Put a Pretty Picture on it! discussion

To feature the main character... or not?


Kelly I've been trying to make some decisions regarding the cover to the book I am working on and I am torn between including an image of the main character or not.

Part of me feels that it may help draw a reader in, as well as give them a very well defined picture of our heroine as they read, however I also like the idea of them forming their own mental image.

One thing I know I hate as a reader is when I form this mental image of a character, and then a movie or a tv show comes out and i just can't reconcile them. A good example is Twilight - Yes Kristen Stewart sort of fits the general description of Bella, but she doesn't fit my mental picture. It at times made it harder for me. I think featuring the heroine on the cover is a good way to make sure the image the author intends to portray of a character, is exactly the one the reader gets.

So, now that I'm done rambling, I'd love other input. To feature a character or perhaps feature a theme instead?

message 2: by Thomas (new)

Thomas Rydder (ThomasRydder) | 6 comments Mod
I've been in exactly this conversation with my publisher about my book. And like you, I'm thinking I'd like the reader to form their own mental image of ALL the characters. To that end, I'm leaning toward making a cover that's more symbolic in nature, rather than specifically pointed to any one character...

message 3: by Carrie (new)

Carrie | 2 comments Kelly,

Many covers HINT at the main character, whether they show the character from the neck down (so the reader is left to create the most important part - the face), or from the back, or in a deep shadow. I have to admit, I like this technique. In paranormal fiction, the main character is really important and gives the reader an immediate sense of what the book is about (vampire, werewolf, fantasy, zombie etc.). Certain visual aspects can really trigger supernatural, scary, beautiful - and lure a reader in. But, by teasing, you leave most of the character to the reader's imagination once they pick-up the book.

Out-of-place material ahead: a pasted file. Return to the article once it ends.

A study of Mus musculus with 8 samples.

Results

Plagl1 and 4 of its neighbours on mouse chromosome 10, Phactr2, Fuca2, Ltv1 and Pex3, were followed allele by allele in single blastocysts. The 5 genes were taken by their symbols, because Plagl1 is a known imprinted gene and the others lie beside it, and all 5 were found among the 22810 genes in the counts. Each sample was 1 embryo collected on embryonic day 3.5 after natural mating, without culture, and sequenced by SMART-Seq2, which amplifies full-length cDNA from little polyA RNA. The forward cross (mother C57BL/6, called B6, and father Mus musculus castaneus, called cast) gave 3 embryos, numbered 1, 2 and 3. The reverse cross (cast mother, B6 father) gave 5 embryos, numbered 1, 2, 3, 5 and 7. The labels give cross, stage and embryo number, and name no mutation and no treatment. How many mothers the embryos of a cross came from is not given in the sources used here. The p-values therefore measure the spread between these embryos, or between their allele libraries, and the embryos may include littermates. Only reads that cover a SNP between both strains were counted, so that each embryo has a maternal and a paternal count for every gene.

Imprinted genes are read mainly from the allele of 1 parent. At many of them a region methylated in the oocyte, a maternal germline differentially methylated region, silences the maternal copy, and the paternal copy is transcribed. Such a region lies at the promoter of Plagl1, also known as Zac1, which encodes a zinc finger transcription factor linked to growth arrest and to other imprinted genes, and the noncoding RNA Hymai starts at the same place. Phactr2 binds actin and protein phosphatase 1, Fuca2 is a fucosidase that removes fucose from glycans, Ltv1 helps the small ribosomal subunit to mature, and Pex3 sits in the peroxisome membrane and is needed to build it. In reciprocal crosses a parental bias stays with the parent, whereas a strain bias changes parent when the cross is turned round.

For my own book cover, I used a tease technique. An old statue in my novel (of the main character) plays into the plot of the story. So, rather than show the "real" main character, I show a glimpse of her, as depicted by the statue.

Anyway - my two cents.


The Sounding by Carrie Salo

message 4: by Duncan (new)

Duncan | 6 comments I regularly illustrate the main characters for book covers. This can make a very powerful and captivating cover since people tend to connect with people -- even if they're just a painting on a cover (and this is probably the main reason that many covers from large publishers have a portrait with the character "looking" at the viewer)..

The main thing when asking an illustrator to do such a cover for you is to relay to the artist the age, skin tone, hair color and length, and dress; giving the disposition of the character may be a big help, too.. Also the artist should know the genre of your book.

Sometimes telling the artist what actor you'd have play the part if you were casting a movie can be a big help (just understand that for reasons of copyright, the illustrator can't create an exact representation).

It's good to remember that the artist is not likely to create the exact picture you have in your mind. Rather than try to recreate your mind's eye picture and needlessly take up the artist's time and/or waste money for unneeded changes, accept a version of your character provided it is within the confines of your description in your book and looks good.

I can remember buying a few books just because of the character on the cover. And what a joy when that character conforms to the description in the book. Then the character really comes to life.